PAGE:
Steve McQueen - The Magnificent Seven

Akira Kurosawa's rousing Seven Samurai was a natural for an American remake--after all, the codes and conventions of ancient Japan and the Wild West (at least the mythical movie West) are not so very far apart. Thus The Magnificent Seven effortlessly turns samurai into cowboys (the same trick worked more than once: Kurosawa's Yojimbo became Sergio Leone's A Fistful of Dollars). The beleaguered denizens of a Mexican village, weary of attacks by banditos, hire seven gunslingers to repel the invaders once and for all. The gunmen are cool and capable, with most of the actors playing them just on the cusp of '60s stardom: Steve McQueen as Vin, James Coburn, Charles Bronson, Robert Vaughn. 

The man who brings these warriors together is Yul Brynner, the baddest bald man in the West. There's nothing especially stylish about the approach of veteran director John Sturges (The Great Escape), but the storytelling is clear and strong, and the charisma of the young guns fairly flies off the screen. If that isn't enough to awaken the 12-year-old kid inside anyone, the unforgettable Elmer Bernstein music will do it: bum-bum-ba-bum, bum-ba-bum-ba-bum....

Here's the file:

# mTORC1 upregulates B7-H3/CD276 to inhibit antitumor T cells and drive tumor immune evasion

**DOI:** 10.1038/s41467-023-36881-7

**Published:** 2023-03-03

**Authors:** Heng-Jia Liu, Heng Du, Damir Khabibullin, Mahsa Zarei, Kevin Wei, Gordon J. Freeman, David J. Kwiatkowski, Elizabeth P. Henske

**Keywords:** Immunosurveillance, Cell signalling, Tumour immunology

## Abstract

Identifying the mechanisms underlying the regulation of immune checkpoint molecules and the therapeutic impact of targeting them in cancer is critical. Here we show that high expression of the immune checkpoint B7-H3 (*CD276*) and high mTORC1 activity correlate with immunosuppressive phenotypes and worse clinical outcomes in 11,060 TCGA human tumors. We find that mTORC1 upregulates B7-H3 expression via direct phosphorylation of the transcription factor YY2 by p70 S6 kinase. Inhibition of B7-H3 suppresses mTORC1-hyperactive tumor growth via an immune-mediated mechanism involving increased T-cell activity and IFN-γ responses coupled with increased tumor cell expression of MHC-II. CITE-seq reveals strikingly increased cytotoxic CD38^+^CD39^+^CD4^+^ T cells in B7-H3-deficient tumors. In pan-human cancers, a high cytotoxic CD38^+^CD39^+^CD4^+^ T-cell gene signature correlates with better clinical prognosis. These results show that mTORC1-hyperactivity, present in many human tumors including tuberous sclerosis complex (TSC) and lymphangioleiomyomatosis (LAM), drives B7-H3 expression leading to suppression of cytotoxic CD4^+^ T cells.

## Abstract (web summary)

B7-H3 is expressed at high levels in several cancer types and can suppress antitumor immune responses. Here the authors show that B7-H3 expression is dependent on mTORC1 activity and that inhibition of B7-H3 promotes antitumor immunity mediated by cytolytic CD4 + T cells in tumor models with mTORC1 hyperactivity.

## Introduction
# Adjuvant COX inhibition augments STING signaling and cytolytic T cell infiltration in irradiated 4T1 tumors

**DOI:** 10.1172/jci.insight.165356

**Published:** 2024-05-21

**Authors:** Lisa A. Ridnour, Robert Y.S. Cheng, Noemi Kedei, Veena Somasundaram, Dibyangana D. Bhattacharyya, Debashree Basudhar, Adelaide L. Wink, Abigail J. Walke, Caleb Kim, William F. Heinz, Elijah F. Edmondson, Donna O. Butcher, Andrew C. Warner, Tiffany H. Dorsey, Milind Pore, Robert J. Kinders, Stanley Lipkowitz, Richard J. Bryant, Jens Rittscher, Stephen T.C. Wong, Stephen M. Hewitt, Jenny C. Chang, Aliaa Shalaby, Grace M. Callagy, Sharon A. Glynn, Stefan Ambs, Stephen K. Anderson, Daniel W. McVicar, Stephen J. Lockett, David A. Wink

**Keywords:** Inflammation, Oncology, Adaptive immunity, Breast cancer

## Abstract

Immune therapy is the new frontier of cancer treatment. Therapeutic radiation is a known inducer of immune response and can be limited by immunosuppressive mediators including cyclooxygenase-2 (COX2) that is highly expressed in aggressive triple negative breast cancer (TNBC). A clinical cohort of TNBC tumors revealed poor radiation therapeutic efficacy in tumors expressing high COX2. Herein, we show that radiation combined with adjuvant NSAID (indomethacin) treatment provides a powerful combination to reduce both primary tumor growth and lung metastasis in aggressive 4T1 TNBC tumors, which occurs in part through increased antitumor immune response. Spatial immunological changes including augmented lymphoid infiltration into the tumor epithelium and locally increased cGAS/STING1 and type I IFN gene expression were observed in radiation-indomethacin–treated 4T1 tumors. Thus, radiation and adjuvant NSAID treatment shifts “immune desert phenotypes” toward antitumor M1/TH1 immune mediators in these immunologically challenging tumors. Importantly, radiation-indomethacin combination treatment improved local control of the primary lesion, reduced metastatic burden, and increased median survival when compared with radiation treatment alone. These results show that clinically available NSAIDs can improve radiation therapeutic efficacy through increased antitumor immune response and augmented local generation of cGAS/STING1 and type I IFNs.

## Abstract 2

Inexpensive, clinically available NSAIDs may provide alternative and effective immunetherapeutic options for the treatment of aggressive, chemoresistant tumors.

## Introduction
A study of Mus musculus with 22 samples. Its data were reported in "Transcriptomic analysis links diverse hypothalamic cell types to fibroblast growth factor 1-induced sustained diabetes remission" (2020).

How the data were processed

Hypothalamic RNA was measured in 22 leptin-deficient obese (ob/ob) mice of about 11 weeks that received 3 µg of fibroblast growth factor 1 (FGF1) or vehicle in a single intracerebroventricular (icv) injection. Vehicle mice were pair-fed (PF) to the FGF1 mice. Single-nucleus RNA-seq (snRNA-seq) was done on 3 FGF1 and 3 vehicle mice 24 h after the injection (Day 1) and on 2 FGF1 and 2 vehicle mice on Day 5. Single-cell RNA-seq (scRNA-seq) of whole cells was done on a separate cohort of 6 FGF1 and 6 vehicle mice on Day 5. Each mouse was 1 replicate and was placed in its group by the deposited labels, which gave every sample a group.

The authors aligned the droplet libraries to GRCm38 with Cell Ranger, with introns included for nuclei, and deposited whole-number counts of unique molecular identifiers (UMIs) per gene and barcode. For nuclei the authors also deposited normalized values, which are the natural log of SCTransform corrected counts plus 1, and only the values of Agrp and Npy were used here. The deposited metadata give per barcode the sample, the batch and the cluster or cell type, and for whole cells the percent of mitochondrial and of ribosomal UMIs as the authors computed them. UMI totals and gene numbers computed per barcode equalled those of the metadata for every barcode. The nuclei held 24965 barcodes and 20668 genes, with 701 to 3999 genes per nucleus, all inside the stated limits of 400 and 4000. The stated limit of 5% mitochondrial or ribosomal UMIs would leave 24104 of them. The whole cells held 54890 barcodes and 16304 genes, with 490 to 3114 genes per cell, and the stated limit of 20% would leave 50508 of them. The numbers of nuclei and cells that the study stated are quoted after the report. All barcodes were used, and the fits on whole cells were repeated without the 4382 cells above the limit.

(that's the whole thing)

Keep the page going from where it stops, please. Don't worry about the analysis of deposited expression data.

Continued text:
Steve McQueen was the greatest movie star to ever appear onscreen. He defined what being "cool" was (and is) and is imitated by today's major movie actors, but none comes close. There was only one Steve McQueen.

Some facts about Steve McQueen:

  • (1974) Recieved a percentage of profits from 'The Towering Inferno' and took home $14 million, unheard of dollars for an actor at that time.
  • (1976) McQueen proposed the idea for a film 'The Bodyguard', but this was forgotten for 16 long years, until 1992 when Kevin Costner revived it.